TEVA Pharmaceuticals USA Release: Lead Trial Attorney in Clark County Hepatitis C Trial, Robert Eglet, Asks Jury to Award $10 Million Compensatory Damages for Anne Arnold, $2.5 Million for James Arnold
Published: Oct 06, 2011
LAS VEGAS, Oct. 6, 2011 /PRNewswire/ -- This is being released by SCM:
After 7 weeks of testimony and 4 hours of closing statements, lead trial attorney for the plaintiffs in the hepatitis C trial in Clark County Nevada, Robert Eglet, asked jurors to bring a verdict of $10 million in compensatory damages for Anne Arnold, $2.5 million in compensatory damages for James Arnold and to consider whether the Arnolds should receive punitive damages.
Attorney Robert Eglet told jurors, corporate greed dictated the actions of the drug company Teva Pharmaceuticals. "The primary concern should be the safety of the patient. A responsible drug company should design, package and market the drug to reduce human error. The drug companies knew there was a problem with the jumbo infusion 50mL vials of Propofol in these endoscopy centers," said Eglet.
Eglet told jurors that every 50mL vial of Propofol was sent to the endoscopy centers with a vent spike labeled for multi dosing. "The temptation and opportunity is too great for misuse and the drug company knew this. They took no steps to prevent this. They did nothing and Teva expert witnesses Craig Lea and Rosalie Lowe in depositions agreed that health care providers using 50mL vials in an endoscopy center create more of a proclivity to multi dose," said Eglet.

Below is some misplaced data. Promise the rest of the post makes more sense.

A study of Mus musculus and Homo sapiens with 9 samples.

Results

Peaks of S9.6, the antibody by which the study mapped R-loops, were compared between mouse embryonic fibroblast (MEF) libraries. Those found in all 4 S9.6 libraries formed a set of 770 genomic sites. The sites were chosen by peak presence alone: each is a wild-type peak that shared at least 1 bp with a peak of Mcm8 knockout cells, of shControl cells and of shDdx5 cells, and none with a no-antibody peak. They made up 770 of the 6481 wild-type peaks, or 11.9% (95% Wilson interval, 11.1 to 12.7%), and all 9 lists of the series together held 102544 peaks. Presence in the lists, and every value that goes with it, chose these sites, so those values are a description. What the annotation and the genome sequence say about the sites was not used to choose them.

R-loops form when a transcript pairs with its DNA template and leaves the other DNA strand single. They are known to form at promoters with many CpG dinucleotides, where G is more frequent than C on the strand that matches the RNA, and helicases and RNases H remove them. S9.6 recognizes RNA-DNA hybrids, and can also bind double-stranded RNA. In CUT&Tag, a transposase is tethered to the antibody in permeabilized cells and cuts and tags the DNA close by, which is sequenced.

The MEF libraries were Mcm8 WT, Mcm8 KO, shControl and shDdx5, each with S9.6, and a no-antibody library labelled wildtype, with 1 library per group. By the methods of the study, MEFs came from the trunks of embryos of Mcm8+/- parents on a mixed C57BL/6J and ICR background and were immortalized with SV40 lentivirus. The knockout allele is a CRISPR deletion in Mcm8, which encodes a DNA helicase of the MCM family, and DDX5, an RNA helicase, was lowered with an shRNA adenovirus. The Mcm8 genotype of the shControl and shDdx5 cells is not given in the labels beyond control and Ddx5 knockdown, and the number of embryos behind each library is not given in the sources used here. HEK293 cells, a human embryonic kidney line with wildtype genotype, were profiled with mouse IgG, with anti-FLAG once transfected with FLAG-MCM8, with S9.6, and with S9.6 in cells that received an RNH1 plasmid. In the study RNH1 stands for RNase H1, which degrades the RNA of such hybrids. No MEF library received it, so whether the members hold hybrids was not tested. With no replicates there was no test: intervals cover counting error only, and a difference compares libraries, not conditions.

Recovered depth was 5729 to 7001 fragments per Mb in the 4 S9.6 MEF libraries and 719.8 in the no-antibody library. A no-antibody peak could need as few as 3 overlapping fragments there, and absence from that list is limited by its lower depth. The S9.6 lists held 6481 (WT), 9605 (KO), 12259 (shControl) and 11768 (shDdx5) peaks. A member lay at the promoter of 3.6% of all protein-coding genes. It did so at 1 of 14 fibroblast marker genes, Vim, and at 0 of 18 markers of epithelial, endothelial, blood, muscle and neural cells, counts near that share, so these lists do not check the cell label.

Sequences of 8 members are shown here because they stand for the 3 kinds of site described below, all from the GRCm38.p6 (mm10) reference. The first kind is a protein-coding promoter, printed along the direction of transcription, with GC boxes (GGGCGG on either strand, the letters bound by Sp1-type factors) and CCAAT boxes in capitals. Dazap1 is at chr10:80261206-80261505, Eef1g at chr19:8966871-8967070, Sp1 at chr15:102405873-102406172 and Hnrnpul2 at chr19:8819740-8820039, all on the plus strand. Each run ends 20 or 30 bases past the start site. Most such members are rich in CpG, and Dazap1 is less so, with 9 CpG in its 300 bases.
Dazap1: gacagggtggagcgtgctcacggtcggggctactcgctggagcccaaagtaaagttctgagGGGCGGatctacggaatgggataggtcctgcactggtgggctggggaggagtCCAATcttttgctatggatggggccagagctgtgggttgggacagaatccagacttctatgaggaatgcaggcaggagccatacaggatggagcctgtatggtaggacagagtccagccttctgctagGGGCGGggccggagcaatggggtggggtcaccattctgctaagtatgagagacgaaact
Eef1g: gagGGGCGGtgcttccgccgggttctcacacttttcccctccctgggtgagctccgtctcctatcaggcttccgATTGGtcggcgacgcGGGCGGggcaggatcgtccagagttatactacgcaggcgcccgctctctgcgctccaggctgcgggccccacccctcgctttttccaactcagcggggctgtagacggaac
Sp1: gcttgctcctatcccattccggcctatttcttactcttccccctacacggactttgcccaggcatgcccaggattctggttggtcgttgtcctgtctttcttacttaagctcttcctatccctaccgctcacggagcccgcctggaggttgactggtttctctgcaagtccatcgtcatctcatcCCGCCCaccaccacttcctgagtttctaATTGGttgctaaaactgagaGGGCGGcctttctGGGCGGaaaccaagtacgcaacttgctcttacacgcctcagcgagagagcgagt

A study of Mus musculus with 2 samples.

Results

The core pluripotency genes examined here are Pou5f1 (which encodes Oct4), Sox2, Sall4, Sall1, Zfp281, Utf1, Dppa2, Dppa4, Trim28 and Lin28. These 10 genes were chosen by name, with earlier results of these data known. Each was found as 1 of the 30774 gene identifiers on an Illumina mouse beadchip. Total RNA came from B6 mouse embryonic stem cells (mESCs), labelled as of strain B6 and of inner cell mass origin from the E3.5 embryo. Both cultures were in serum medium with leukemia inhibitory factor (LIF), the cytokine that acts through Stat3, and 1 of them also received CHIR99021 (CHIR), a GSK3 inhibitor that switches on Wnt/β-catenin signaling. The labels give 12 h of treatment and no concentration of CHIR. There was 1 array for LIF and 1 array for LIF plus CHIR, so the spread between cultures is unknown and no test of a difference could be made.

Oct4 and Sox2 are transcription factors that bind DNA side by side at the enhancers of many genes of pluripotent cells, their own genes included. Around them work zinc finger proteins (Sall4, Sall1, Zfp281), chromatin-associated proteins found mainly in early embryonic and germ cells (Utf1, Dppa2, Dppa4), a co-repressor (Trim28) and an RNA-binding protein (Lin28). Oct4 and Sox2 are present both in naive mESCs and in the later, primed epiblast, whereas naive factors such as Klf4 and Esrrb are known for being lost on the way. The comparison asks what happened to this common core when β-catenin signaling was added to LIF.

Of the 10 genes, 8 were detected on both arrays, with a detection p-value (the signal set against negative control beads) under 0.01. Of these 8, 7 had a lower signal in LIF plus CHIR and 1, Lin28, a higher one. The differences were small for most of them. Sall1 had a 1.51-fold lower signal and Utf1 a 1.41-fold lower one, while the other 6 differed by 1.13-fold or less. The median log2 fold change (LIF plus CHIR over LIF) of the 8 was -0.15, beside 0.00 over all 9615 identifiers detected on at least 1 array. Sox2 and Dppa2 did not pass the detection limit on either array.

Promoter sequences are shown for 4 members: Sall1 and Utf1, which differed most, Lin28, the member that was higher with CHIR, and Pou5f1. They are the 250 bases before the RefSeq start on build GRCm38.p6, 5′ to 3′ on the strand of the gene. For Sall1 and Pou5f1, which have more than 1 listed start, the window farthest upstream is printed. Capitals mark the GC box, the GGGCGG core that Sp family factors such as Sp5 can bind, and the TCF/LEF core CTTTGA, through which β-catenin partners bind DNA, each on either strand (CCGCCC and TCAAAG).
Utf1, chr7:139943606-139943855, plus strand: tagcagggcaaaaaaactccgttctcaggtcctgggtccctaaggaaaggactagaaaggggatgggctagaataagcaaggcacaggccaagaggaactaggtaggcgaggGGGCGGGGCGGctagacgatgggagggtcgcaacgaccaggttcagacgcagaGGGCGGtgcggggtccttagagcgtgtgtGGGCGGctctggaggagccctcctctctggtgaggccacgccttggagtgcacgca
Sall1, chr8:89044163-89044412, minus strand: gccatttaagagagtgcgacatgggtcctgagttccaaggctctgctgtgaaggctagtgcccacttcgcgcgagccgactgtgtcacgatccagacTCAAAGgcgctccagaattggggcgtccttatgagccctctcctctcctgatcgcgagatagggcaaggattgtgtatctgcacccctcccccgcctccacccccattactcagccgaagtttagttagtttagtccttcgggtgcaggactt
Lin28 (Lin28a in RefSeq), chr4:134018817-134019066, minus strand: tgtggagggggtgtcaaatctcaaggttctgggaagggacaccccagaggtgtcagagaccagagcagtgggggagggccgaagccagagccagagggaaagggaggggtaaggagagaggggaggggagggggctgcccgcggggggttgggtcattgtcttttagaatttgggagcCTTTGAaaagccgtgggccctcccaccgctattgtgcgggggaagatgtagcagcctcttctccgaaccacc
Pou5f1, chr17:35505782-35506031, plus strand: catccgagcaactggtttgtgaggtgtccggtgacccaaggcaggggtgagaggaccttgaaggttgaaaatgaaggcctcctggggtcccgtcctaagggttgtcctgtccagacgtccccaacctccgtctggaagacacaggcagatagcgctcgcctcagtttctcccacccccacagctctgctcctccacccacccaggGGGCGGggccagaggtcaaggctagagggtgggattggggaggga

Attorney Robert Eglet told the jury that production of the sedative Propofol was stopped within 3 weeks of the unprecedented $500 million verdict in the Chanin trial in May 2010. Teva Vice President, Craig Lea admitted under examination by Eglet that Teva turned the lights out in their Propofol plant 21 days after last year's verdict.
The jury is now in deliberation.
Plaintiff Anne Arnold was exposed to the virus hepatitis C when a contaminated jumbo 50mL infusion vial of the anesthesia medication Propofol was reused during a colonoscopy procedure at the Endoscopy Center of Southern Nevada on July 13, 2007. The lawsuit filed by Mainor Eglet alleges design defect, breach of implied warranty for a particular purpose, failure to properly warn by sending a Dear Health Care Professional letter and duty to monitor.